World class – Laura Muir clocked a European Record at 3000m Indoors while Callum Hawkins is now second only to Mo Farah in the British all-time rankings for Half Marathon
Laura Muir landed a European Record on a stunning night when Scottish athletes set World lead performances at three distances in three different continents.
Muir smashed the 3000m Indoor Records for Scotland, Britain and Europe with an imperious win over Hellen Obiri in Germany in 8.26.41.
Less than half an hour later, across the Atlantic in New York, Andy Butchart clocked 3.54.23 to win the Armory Invitational Mile event and take second place on the Scottish all-time list and third on the British list.
Then, to top off a simply extraordinary 12 hours, Callum Hawkins raced to a new Scottish Record in the half marathon with 60.00 that takes him fourth on the European all-time list and second on the British list.
Those three athlete now lead the world rankings in those events and, bubbling under, there were fine performances also from the likes of Guy Learmonth, Lynsey Sharp and Allan Smith to further add to the feel-good factor.
Muir continued her superb record-breaking form in Karlsruhe on Saturday evening to move to fifth on the world all-time list.
The 23-year-old had clocked 14:49.12 to improve the British indoor 5000m record in Glasgow last month and she followed that up by storming to victory at the IAAF World Indoor Tour meet in Germany, beating Olympic 5000m silver medallist Hellen Obiri who improved her own Kenyan record with 8:29.46.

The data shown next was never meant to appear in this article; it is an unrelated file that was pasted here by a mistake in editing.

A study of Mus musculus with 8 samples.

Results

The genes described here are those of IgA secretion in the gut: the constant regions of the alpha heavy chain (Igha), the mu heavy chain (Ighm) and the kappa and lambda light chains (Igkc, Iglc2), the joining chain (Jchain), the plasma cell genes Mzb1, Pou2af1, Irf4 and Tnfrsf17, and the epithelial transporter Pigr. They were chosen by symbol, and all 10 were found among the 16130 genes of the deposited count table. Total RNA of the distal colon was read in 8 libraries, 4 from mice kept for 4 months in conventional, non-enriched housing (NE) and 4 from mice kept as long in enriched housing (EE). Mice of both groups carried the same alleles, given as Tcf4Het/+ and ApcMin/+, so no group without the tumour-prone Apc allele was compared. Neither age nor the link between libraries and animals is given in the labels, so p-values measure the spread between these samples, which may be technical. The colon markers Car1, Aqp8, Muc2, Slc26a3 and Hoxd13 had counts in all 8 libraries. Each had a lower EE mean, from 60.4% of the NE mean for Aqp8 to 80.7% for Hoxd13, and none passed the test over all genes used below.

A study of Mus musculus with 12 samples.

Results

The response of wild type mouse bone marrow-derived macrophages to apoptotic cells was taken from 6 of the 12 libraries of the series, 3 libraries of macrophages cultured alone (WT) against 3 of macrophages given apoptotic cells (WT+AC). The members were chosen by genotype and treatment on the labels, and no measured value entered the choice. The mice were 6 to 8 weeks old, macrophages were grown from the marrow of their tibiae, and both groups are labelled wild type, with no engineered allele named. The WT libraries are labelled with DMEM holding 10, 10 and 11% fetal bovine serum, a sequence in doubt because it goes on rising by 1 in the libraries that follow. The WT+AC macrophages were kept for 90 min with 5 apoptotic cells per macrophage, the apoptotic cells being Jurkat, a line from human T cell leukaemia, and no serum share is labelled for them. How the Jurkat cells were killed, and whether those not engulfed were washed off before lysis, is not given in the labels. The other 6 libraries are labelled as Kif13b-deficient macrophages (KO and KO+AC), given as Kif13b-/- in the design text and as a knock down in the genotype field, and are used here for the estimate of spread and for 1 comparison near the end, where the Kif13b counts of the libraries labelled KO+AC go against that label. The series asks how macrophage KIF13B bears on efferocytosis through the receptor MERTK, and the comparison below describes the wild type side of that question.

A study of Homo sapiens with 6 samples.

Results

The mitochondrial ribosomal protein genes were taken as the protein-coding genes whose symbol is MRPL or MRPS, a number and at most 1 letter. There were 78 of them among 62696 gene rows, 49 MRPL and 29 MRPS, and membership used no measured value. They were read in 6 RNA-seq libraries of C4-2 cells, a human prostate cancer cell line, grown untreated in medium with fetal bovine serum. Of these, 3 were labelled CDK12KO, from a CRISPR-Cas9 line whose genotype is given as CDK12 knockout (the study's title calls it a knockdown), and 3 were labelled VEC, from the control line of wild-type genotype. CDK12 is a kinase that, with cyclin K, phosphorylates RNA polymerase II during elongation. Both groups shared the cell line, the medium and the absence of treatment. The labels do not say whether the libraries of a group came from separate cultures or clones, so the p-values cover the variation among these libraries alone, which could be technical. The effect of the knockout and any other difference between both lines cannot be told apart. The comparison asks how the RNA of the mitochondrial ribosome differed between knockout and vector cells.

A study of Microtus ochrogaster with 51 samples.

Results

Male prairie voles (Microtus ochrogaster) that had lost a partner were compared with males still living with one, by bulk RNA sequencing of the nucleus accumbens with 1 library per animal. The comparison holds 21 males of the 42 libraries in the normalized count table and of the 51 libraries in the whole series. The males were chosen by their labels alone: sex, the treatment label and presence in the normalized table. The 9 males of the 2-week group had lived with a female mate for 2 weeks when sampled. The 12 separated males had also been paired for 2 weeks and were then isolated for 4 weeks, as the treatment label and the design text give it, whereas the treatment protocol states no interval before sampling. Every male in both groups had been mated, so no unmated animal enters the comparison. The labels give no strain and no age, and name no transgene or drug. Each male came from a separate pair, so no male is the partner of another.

It was another tremendous performance by Laura, with the likes of Liz McColgan (previous Scottish Record holder) and Jo Pavey (the previous British Record holder) now in her wake.
Hawkins smashed the Scottish half-marathon record on Sunday, clocking 60:00 at the Kagawa Marugame International Half Marathon in Japan.
That time officially puts the 24-year-old second on the British all-time list behind only Mo Farah.
Hawkins claimed a dominant win, beating Ethiopian record-holder Atsedu Tsegay with 60:58 only days after the Great Scottish Run re-measurement.
Callum, of course, had run what at the time had appeared to be a Scottish record-breaking half-marathon in Glasgow last October, as he clocked 60:24 at the Great Scottish Run. Last week, it was confirmed that the course had been found to have been 149.7m short and the ‘record’ invalidated.
However, it was only going to be a matter of time before the Olympic marathon ninth-placer made things official and as he stormed to success in Japan he went quicker still, recording back-to-back 10K PBs of 28:28 and 28:27 before crossing the finishing line with one hour exactly on the clock.
Allister Hutton’s previous Scottish record mark had been 62:28, set in the 1987 Great North Run, and the 149 metres short distance equated to around 26 seconds at Hawkins’ pace, so would definitely have been the equivalent of a sub-61 performance.
But with his half-marathon best now confirmed at 60:00, Hawkins again sits behind Mo Farah and ahead of Steve Jones on the UK all-time list.
In New York, Andrew Butchart dominated the mile, clocking a world-leading 3:54.23 to move to third on the UK indoor all-time list in what was his first ever indoor race over the distance.
Andrew tweeted: ‘I certainly never thought I would be a WL at the Mile.’
Lynsey Sharp featured in a high class 600m race in the same meet, and finished fourth with 1.27.16 which is second on the Scottish all-time list.
In Germany, another indoor PB for Learmonth at 1.47.04 improved his time in third place on the Scottish all-time list and high jumper Allan Smith had a season;s best 2.26m to continue his good 2017 form.